Cannabidiol (CBD) is a naturally occurring compound derived from the hemp plant, a member of the cannabis family. Because CBD is also found in the marijuana plant (a cousin of hemp), its use fell into a legal gray area until recently.
In December 2018, however, Congress passed the Farm Bill and legalized hemp and hemp-derived products. CBD products since have skyrocketed in popularity, with analysts projecting that CBD will grow to a $16 billion industry in five years. CBD product manufacturers and retailers across America are working to meet the high demand for their goods.
The new popularity of CBD has brought attention from the U.S. Food and Drug Administration (FDA) and consumer plaintiffs. CBD product manufacturers and distributors are now facing claims that resemble the types of lawsuits that other product manufacturers and retailers face. CBD product manufacturers should stay up-to-date as to how the FDA is regulating CBD and how consumers are using tried-and-true product liability theories to sue CBD product manufacturers and distributors.
The FDA’s Initial Actions
While the FDA has not yet released formal regulations with respect to CBD, it has published consumer updates and an FAQ concerning CBD products. In its consumer update, the FDA cautioned manufacturers that it is currently illegal to market CBD products as a dietary supplement. The FDA also stated that it does not recognize that CBD is safe for use in human or animal food.
Even with these strict guidelines, the FDA has not taken significant disciplinary action against CBD product manufacturers or retailers. Rather, it has issued only warning letters to online CBD product retailers. Specifically, the FDA warned that introduction of CBD products into interstate commerce violates the Federal Food, Drug, and Cosmetic Act. The FDA further advised retailers to stop marketing CBD products as ways to treat diseases or for therapeutic uses for humans and animals. It also reprimanded at least one online retailer to stop marketing CBD products with unsubstantiated health claims or for use as dietary supplements.
New Product, Same Types of Lawsuits
The latest lawsuits against CBD product manufacturers allege that products have been mislabeled. These claims resemble those made against many manufacturers of popular products. The maker of Muscle Milk, for example, was sued in a class action where the plaintiffs argue that the amount of protein in its protein powder was significantly less than the label suggested. And the Hershey Company recently won a suit where the plaintiff alleged that the company engaged in false and misleading labeling because malic acid was present in chocolate products labeled as having “no artificial flavors.”
In the past six months, consumers have brought at least four suits against CBD product manufacturers, none of which has been certified yet as a class. In the Southern District of Florida, a plaintiff claimed that the defendants sold products containing significantly less CBD than the label stated. In the Northern District of Illinois, another plaintiff brought a class action after traces of THC were found in his system. After eating gummy candies labeled “NO THC,” the named plaintiff failed an employment drug test and was subsequently fired from his job. He sued the manufacturer, arguing that the company violated state consumer fraud laws by representing that there was no THC in its products.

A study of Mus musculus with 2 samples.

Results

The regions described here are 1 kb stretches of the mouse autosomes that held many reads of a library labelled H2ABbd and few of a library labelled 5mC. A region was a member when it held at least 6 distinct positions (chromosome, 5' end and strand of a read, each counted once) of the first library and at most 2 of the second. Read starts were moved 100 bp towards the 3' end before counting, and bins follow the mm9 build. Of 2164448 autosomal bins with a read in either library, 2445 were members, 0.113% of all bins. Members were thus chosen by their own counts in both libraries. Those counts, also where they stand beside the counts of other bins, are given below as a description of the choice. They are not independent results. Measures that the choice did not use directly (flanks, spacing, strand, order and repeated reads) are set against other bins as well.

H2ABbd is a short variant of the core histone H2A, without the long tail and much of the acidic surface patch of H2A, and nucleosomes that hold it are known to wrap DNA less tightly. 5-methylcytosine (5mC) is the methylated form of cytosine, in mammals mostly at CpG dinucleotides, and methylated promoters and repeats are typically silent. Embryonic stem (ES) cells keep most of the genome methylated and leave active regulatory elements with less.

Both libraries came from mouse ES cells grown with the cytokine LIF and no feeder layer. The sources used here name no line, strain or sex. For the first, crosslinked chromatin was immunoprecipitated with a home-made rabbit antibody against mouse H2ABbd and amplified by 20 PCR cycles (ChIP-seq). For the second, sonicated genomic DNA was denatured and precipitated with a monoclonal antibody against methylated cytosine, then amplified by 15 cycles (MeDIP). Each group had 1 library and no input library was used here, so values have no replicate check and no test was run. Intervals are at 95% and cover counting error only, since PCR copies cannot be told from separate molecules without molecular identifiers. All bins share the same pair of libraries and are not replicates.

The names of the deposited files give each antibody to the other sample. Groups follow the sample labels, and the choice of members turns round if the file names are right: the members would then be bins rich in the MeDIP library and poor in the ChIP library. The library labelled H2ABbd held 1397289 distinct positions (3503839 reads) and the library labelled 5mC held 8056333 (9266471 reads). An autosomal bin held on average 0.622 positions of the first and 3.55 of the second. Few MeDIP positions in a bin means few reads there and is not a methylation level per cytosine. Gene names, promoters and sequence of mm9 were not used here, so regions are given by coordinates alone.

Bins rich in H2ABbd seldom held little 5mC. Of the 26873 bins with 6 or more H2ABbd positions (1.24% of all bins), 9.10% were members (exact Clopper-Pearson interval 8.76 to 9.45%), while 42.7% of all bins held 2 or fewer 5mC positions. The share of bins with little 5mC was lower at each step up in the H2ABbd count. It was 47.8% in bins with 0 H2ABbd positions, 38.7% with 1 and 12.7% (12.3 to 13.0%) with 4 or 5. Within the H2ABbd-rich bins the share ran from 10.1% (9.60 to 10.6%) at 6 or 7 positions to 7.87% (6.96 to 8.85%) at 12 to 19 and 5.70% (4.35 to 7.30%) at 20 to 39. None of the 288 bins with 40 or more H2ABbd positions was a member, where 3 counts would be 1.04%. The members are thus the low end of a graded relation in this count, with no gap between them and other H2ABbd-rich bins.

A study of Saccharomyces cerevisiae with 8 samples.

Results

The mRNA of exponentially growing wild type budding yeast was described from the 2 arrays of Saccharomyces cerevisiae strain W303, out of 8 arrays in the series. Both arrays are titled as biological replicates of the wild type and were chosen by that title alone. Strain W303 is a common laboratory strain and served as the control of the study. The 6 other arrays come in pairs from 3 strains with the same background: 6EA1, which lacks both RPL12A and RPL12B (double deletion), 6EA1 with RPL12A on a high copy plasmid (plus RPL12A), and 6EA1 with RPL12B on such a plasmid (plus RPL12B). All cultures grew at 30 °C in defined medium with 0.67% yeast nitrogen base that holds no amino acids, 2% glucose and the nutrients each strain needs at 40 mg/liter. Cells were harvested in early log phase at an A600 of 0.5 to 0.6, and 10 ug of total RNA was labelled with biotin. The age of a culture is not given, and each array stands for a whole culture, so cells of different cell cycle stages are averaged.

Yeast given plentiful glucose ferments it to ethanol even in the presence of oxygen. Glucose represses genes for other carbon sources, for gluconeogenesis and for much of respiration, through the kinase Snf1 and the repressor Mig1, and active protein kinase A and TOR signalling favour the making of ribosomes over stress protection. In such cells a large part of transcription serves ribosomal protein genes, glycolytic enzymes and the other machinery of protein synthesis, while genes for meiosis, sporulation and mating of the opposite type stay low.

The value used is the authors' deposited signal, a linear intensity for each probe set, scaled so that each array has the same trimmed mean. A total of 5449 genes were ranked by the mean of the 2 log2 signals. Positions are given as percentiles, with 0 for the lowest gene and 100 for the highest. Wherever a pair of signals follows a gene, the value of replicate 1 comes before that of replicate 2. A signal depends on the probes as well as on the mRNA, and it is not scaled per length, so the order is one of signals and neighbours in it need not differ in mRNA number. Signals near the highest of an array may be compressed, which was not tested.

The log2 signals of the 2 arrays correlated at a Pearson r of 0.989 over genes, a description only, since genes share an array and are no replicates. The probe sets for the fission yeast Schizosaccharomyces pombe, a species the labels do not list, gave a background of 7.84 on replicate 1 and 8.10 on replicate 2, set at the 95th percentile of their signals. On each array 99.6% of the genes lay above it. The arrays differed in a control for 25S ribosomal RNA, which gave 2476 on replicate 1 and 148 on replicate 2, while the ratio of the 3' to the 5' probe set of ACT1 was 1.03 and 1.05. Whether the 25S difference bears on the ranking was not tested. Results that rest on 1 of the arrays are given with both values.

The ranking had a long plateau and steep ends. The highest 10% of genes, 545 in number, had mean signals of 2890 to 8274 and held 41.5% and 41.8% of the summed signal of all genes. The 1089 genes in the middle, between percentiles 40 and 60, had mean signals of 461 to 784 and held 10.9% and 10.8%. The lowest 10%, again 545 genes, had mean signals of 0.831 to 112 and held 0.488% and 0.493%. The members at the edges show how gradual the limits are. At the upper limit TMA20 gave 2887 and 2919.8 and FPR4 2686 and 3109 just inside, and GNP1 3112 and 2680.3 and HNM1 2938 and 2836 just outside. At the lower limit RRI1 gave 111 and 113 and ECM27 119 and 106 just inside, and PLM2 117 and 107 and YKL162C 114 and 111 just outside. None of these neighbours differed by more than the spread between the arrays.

Follow Future Litigation Results
CBD product retailers and manufacturers should keep an eye out for changes in the regulatory landscape and the results of pending litigation. Last year, the FDA held a public hearing to obtain data about the safety, manufacturing, product quality, and labeling of products containing CBD. Until the FDA releases further guidelines, titans like Ben & Jerry’s have pressed pause on releasing CBD products.
Retailers and manufacturers should also stay updated on current litigation. While the FDA’s delay in creating a formal regulatory framework has frustrated many manufacturers, at least one manufacturer has tried to use the lack of federal regulations as a temporary shield against liability. In the Southern District of Florida, the CBD product manufacturer argued that the court should stay court proceedings until the FDA has promulgated regulations, allowing the FDA to have the first word on the regulatory scheme. Only time will tell whether this argument will prove effective when applied to suits that involve CBD products.
 Class Action Complaint, Clay et al., v Cytosport, Inc., No. 15-cv-00165-L-AGS (S.D. Cal. Jan. 23, 2015), ECF No. 1.
 Judgment, Clark v. Hershey Co., 18-cv-06113 (N.D. Cal. Nov. 15, 2019), ECF No. 132.
 Class Action Complaint at 13, Potter v. Potnetwork Holdings, Inc. et al., 19-cv-24017 (S.D. Fla. Sept. 27, 2019), ECF No. 1.
 Class Action Complaint at 8–9, Darrow v. Just Brands USA, Inc. et al., 19-cv-07079 (N.D. Ill. Oct. 28, 2019), ECF 1.
 Defendant’s Motion to Dismiss or, in the Alternative, to Stay, Potter, No. 19-cv-24017, ECF No. 26.